Saturday, April 2, 2011

Barefoot Travels #2

Since the snow is now melting down here off the mountain (although a foot is predicted tonight on mountain, and I have the day off tomorrow) I have begun to again pursue finding new and exciting hikes. There are miles of trails around Park City, of which so far I have explored one that is only about a mile from my house. One nice part of hiking in Park City is that almost any hike goes up. Very important as the views change every switchback, something that amazes me every time I go around a turn. I started my hike with bread, cheese and water in backpack, new boots on my feet. I was about two miles up the path, and near the summit of a small bluff, when I first noticed the hot spot on my heel. PERFECT! My boots had not yet been broken in; a problem that I chose to ignore when starting my hike. The blisters gained from new hiking boots are much different than those that are kindly gifted by wearing ski boots all day, every day.

So at the top of the hill I sat down, looked across the valley at the mountains, ate some cheese and bread, and then started my trip back down to the car, boots and socks now in hand. As discussed from a previous hike in Maine, I actually really like hiking without shoes. There is a connection that one feels to what one is actually doing, especially when sharp rocks reach the bottom of your foot, or you feel the cold of a large boulder, dampness of moss, or squish of mud. While there is always the danger of being hurt worse than a blister (and a cut on the bottom of ones foot is not a fun way to live life) the trade off of connection is far more important.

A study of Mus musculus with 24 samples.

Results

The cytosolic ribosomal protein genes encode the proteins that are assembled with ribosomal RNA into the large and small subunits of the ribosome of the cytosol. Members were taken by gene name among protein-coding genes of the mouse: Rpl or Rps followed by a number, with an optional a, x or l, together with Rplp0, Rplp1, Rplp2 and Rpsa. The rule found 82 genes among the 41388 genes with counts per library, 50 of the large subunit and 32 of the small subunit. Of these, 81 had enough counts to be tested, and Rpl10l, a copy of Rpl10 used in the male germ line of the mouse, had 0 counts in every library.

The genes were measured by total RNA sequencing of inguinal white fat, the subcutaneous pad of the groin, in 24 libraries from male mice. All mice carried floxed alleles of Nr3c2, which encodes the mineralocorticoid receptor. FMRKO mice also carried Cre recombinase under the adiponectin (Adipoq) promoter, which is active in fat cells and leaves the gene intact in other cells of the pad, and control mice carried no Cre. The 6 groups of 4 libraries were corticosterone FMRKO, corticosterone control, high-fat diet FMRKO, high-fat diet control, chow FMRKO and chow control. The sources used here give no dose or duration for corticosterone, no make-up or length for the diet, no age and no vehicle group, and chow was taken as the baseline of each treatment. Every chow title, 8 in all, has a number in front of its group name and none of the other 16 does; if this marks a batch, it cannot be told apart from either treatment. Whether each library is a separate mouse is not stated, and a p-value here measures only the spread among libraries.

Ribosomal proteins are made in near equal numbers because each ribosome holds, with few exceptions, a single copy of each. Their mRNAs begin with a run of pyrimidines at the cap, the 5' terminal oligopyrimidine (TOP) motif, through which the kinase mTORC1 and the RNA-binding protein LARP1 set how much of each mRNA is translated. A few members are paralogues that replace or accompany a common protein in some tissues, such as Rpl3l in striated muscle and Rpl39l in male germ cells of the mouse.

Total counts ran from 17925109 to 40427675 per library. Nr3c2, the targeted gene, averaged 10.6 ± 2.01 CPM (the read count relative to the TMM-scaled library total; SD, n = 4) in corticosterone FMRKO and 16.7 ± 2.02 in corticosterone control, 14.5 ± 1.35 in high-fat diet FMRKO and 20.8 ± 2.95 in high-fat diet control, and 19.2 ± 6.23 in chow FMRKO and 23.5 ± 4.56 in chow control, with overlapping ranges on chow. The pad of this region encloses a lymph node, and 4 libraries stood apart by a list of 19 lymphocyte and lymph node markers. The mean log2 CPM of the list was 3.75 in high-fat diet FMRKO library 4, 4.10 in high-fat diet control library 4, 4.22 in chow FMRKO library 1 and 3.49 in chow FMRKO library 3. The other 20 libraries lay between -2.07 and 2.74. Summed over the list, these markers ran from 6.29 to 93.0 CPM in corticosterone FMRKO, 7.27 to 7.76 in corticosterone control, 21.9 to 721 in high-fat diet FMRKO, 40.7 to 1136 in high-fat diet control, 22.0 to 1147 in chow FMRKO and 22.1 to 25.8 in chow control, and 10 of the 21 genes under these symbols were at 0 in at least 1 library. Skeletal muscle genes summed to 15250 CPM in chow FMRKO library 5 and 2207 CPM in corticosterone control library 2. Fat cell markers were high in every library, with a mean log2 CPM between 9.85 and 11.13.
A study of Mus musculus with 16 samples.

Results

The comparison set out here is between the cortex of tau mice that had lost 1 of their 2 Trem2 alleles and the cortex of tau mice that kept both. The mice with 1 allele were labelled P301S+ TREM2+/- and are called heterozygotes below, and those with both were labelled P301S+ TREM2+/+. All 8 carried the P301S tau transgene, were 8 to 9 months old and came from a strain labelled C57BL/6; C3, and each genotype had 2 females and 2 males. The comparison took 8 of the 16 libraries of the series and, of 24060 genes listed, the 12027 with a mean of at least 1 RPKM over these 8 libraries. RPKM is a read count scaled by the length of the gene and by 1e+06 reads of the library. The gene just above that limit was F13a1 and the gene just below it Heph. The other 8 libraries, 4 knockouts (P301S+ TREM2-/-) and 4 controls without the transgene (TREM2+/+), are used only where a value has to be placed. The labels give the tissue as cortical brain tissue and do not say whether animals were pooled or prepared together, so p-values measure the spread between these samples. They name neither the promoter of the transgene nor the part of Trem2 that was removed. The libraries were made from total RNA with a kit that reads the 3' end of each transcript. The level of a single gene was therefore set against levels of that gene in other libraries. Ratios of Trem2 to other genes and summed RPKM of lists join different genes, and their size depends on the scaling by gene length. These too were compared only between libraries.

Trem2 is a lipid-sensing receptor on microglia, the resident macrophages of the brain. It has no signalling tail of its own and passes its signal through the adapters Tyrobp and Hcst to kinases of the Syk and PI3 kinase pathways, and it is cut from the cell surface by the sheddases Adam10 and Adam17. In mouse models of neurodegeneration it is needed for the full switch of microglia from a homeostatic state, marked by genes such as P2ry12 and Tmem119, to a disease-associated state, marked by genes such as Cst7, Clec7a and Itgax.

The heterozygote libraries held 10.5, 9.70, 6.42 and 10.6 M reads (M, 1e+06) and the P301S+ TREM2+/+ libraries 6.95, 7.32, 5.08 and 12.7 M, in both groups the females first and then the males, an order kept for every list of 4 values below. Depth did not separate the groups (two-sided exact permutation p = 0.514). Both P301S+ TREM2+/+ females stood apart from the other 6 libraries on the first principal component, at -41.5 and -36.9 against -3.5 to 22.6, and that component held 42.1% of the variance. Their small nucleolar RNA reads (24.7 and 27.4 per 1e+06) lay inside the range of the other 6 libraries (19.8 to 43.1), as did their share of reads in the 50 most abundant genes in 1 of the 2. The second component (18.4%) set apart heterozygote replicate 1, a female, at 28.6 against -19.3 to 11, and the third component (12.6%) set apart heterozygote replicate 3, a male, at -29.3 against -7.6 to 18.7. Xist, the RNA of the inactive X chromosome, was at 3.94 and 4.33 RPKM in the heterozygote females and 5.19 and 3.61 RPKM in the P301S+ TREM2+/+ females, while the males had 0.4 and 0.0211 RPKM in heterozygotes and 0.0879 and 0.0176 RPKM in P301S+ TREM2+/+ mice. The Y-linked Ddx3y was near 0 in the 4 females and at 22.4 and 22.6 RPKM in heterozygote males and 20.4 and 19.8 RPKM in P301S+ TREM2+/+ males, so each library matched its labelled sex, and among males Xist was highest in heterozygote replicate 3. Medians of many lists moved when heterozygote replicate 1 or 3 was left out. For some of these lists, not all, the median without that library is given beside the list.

While on a hike in Maine I really noticed this physical connection; on my barefoot hike down the switchbacks in Park City, I realized a different type of sensation. While hiking barefooted it is almost impossible to constantly look up at ones large surroundings, as it is important to examine each step to avoid those pesky sharp pebbles. Seeing the majesty of mountains, oceans, stars and grand scenery is very beneficial to our lives, as it often reminds us of our place in the world; fleeting.
However, it is also important to focus on each small step. Each of us has their own path to follow, and hiking barefoot forces us to focus on these small, seemingly insignificant steps; each of which leads us further down the path on which we tread. Once in a while we must look up, and see all around us that is vast, to remember that we are hiking the path to discover that vastness, but one step at a time.